Seven ChancesReviewed By Jay Seaver
Posted 07/15/11 06:41:15
(Worth A Look)
SCREENED WITH LIVE ACCOMPANIMENT BY JEFF RAPSIS: The play "Seven Chances" was a hit on the stage before Buster Keaton made a movie from it in 1925, but those seven chances wind up minimized, as if they are only still in the movie because Keaton and the screenwriters figured that the audience would want to know what the title was about without them. That's more than OK, though, as the more cinematic material Keaton put in is frequently gold, including one of the greatest chases in movie history.Jimmie Shannon (Keaton) has two problems: He's been seeing Mary Jones (Ruth Dwyer) for a year but has gotten tongue-tied every time he means to propose (or even say he loves her), and, more immediately, the firm in which he's a partner with Billy Meekin (T. Roy Barnes) has been left holding the bag on a bad investment, with them facing insolvency or even jail time. Fortunately, there's a solution - a probate lawyer (Snitz Edwards) has just informed them that Jimmie will inherit seven million pre-Depression dollars if he marries by seven o'clock on his twenty-seventh birthday. That's today, and while Mary is initially thrilled by his proposal, she changes his mind when she suspects his motives are more mercenary than romantic. Heartbroken, but not wanting Billy to suffer, he sets his sights on the seven girls he knows at the local country club. When that doesn't go well, Billy gets a story printed in the evening newspaper, and suddenly Jimmie's problem is no longer a lack of girls to marry; it's quite the opposite!
While Seven Chances has in many ways stood the test of time as well as many of Keaton's silent classics, it is rather dated in some particulars, and not just in innocent ways like having to explain the concept of an "evening newspaper" is to some of the youngest audience members. One gag, which should give current screenwriters who load their scripts with pop-culture references pause, only works if the viewer knows who Julian Eltinge is, a nugget that many in 1925 would know but which will send most in the present day to Wikipedia. Less obscure (and less amusing) examples of it being a product of its times include how discovering that a girl is black or Jewish is an immediate deal-breaker, and there's something a bit off about Jules Cowles's portrayal of the Jones' black hired hand, though to the filmmakers' credit, they do not make jokes based on the premise of non-WASPs being inferior.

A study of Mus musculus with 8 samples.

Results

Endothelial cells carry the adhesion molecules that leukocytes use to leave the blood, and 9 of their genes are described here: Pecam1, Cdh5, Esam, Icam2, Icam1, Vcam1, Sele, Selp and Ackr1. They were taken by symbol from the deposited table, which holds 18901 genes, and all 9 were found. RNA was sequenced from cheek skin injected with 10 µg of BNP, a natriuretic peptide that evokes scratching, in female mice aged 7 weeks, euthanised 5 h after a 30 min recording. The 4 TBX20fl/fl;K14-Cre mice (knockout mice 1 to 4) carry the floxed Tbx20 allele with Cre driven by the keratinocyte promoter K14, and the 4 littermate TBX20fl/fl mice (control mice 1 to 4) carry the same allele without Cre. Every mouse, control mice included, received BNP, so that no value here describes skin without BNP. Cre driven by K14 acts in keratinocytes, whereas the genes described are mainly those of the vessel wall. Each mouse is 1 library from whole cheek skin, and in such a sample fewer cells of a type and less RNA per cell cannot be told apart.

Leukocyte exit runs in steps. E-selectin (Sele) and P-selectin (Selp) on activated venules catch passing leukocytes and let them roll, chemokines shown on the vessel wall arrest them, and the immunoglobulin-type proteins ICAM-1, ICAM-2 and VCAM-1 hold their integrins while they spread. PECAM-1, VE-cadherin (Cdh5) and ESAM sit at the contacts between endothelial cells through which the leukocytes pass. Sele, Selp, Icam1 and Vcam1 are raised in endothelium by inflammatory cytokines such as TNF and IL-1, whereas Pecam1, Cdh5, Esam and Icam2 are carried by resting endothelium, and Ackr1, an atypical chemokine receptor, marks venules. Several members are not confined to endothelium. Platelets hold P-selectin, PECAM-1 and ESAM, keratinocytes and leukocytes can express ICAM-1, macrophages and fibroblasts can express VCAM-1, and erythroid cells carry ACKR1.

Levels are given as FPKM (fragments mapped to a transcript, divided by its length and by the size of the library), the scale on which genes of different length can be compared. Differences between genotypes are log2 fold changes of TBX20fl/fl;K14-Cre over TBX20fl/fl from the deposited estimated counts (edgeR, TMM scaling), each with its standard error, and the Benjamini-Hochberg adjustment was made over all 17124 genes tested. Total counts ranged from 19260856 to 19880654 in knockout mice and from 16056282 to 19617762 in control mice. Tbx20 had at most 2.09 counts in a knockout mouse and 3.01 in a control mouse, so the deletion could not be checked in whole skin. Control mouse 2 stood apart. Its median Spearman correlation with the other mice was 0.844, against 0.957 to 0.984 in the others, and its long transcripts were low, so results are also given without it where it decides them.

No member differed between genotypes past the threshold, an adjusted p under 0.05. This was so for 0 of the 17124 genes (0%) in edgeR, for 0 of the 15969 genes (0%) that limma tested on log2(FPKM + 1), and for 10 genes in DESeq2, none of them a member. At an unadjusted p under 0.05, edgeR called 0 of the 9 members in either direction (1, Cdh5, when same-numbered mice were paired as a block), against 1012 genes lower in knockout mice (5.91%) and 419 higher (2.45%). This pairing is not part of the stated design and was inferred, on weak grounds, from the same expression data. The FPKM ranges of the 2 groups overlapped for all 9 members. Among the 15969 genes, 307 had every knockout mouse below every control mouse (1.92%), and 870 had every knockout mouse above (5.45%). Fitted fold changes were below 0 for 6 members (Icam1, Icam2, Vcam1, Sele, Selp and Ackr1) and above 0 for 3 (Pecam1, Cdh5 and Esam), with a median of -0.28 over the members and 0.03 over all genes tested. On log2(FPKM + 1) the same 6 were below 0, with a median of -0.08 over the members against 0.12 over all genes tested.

(I'd prefer not to spend that much time on the subject, but it is there, and may surprise people planning to show this otherwise-entertaining film to their kids.)
What the film does make jokes about is Jimmie's rather endearing sweetness. Though I suspect that the "Jimmie proposes to many women and gets shot down by each of them" story would work much better in a talkie than in a silent like this - the audience must imagine what Jimmie is saying to get such a dismissive response from the ladies - Keaton does a fine job of portraying how , as much as Jimmie doesn't want to do this anyway, the rejection stings. There are plenty of fun visual gags, energetic supporting turns from Barnes and Edwards, and a fun sense of increasing desperation as Jimmie's attempts to get any girl to marry him lead to bigger and more potentially horrifying misunderstandings. And then, when it seems like it can't get any worse...
Well, then you have The Chase. While much of what had come before could have been done on a bare stage with snappy banter and been quite funny, the moment Keaton zooms out to show dozens (or hundreds!) of prospective brides converging on the church where Jimmie is holed up is a grand and brilliant foreshadowing of comic doom, leading to a crazy chase as Jimmie takes it on the hoof, attempting to outrun an absurd tidal wave of angry spinsters in wedding dresses in the hopes of reaching his true love before the clock strikes seven. Jimmie adroitly avoids, commandeers, and plows through various obstacles as only Buster Keaton can, and Keaton's filmmaking prowess is a match for his physicality, as he masterfully creates impending disaster out of innocent moments, cuts between angles for just what any given moment needs, and somehow manages to make every ensuing moment more frantic than the last. It's a brilliant sequence that makes up much of this 57-minute movie's second half somehow managing to be both frantic and graceful. Good musical accompaniment helps, too - at this particular screening, accompanist Jeff Rapsis manages to twist the traditional bridal march into chase music, interspersing it with a separate theme for perhaps the greatest rocks in cinematic history.On top of that, the film is just generally charming and sweet despite what could be a crass backdrop, a real testament to Keaton's skill as both actor and director (a scene where Mary overhears a conversation between Jimmie and Billy unbeknownst to them is staged and acted to perfection). If it were all Buster Keaton doing things well-suited to a silent movie, it would be a masterpiece, rather than "merely" brilliant for long stretches.